ANGI Homeservices CEO on Bringing a New Brand to Life

ANGI Homeservices CEO Chris Terrill at Nasdaq yesterday.

ANGI Homeservices Inc. officially launched yesterday, and for CEO Chris Terrill it was a busy summer bringing his company HomeAdvisor and new acquisition Angie’s List together to create the new, publicly-traded brand.

The $500 million deal between HomeAdvisor parent IAC/InterActiveCorp to acquire Angie’s List was announced in May, and the official launch of ANGI Homeservices yesterday provides homeowners with access to a combined network of 200,000 home service professionals with coverage across 500 different categories and 400 markets. ANGI Homeservices began trading on Nasdaq under the ticker symbol “ANGI” yesterday, and operates 10 brands in eight countries, including HomeAdvisor, Angie’s List, mHelpDesk, HomeStars (Canada), MyHammer (Germany), MyBuilder (UK), Werkspot (Netherlands), Instapro (Italy) and Travaux (France).

Terrill talked with Chief Executive about the challenges in bringing two brands with two different business models together, the synergies between the two brands and what’s on the horizon in the home services space.

Q: You’re no stranger to rebranding, having overseen the 2012 rebrand of ServiceMagic to HomeAdvisor. What was the thinking in creating a larger brand bringing HomeAdvisor and Angie’s List together?

A: When you look at mergers, you oftentimes have to stretch your imagination as to why there are synergies and hope that downstream something works. I think in this case, you had two of the top, premier brands in the space. We were really, really strong in terms of our technology, our monetization, our matching engine, etc. They, obviously, had a bigger brand than we did that still had a lot of traffic coming to it, but their model wasn’t as effective and as efficient as ours in terms of monetization. So it was a truly natural, synergistic combination where we could leverage what we did really well, take a lot of that traffic and do a better job of monetizing that, and helping those folks coming to Angie’s List find the help they need faster, more easily and more efficiently.

“This was a very natural, synergistic merger, and it gave us scale.” – Chris Terrill

When we looked at it, there were very natural areas—you had traffic coming in that we could do more with, you had our R&D, our technology and products that we could leverage on their platform. We can take our our same-day service, which is our newest on-demand product, and our matching engine and those are great examples of things we can inject into the Angie’s List ecosystem. At the end of the day, that gives more value to their advertisers and helps their homeowners have additional ways of finding the help they need. This was a very natural, synergistic merger, and it gave us scale. Scale in this space is absolutely critical. It’s a very difficult space to build liquidity on both sides of the marketplace, and scale allows you to have the biggest pool of the best service providers. If you’re a homeowner you want to go where the best and the most service providers are, and if you’re a service provider you want to go to the place where homeowners are coming in project-ready.

Q: As CEO, what are the top items on your to-do list in the year ahead?

A: We had a really strong plan going into the merger and everything that we thought we knew has been validated. We’re so similar that there were no real surprises, so at this point it’s all about execution. We told The Street that we would have a combined EBITDA in the neighborhood of about $270 million, and we’re extremely focused on showing that the merger made sense, and that the outcome generates that kind of EBITDA. I truly believe that if we just execute on exactly what we thought we needed to do, we’ll be in great shape. If you can show The Street that this was a really smart, highly accretive plan, then you can start to do really interesting things in the coming years with the combined platform. So near-term, we’re extremely focused on just executing and delivering on what we’ve said.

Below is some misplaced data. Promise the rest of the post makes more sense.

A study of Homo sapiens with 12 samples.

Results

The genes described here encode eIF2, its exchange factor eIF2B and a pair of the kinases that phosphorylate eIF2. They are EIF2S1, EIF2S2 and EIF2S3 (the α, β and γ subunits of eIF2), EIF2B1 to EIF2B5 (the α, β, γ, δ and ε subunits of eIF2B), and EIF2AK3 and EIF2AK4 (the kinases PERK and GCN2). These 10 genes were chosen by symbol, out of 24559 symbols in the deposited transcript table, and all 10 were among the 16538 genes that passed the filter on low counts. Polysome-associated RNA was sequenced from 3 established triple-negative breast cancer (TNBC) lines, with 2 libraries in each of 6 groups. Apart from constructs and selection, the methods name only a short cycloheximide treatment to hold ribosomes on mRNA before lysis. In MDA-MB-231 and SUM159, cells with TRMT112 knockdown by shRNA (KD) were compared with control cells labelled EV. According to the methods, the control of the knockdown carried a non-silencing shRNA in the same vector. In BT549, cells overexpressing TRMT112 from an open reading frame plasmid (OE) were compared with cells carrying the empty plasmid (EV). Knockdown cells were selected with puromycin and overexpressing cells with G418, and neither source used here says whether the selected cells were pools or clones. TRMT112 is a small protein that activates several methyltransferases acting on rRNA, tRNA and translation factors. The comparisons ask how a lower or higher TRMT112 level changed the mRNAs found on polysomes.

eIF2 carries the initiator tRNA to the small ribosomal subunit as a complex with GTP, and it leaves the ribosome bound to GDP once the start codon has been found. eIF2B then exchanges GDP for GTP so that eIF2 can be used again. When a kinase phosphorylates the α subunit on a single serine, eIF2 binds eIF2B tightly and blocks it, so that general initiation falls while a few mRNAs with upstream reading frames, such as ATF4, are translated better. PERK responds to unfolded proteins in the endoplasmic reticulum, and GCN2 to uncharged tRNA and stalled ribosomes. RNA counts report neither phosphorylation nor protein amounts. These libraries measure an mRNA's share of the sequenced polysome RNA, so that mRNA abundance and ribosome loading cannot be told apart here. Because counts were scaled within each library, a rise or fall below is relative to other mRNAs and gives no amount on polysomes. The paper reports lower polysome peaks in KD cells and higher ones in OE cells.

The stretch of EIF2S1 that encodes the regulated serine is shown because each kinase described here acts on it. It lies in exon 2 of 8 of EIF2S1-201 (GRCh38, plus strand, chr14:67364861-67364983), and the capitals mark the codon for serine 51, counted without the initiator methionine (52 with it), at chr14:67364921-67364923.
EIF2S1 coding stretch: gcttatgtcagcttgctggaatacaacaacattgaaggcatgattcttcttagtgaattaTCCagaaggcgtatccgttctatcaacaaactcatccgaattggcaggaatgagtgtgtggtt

As a CEO, I’m trying to make sure, on one hand, that I respect the culture that Angie’s List has, and on the other hand to merge the two cultures together so that we’re all on the same page, we have a shared vision, we’re truly one company and we’re working really well together. If I can’t bring everyone together and have a shared vision, we’re not going to get where we need to be.

Q: Your staff grew by one-third as a result of this deal. How are you handling the increased headcount and the logistics that go with it?

A: My philosophical approach is just heavy, heavy transparency. You had a lot of folks on the Angie’s List side who were hesitant and had trepidations over what it might mean for them personally and professionally, and we went into it with the mindset of being completely transparent, to share what the vision is and help them understand why we think this makes sense. We had a tremendous number of meetings and town halls, and really tried to be very direct and very honest, so that they could get comfortable and, frankly, get excited.

I think that’s the best way to take two different cultures and try to bring them together. I think if you try to impose one culture on the other you’re going to get resistance, and if you try to soft-pedal things you’re going to breed distrust, so my goal was to make sure that everybody really understood how they fit in, why this strategically worked, and even for those folks who weren’t going to be with the organization as we right-sized, helping them understand that, as well.

Patrick Gorman is managing editor at Chief Executive magazine, based in Stamford, CT. His business journalism background includes 12 years covering the C-level marketing and technology spaces.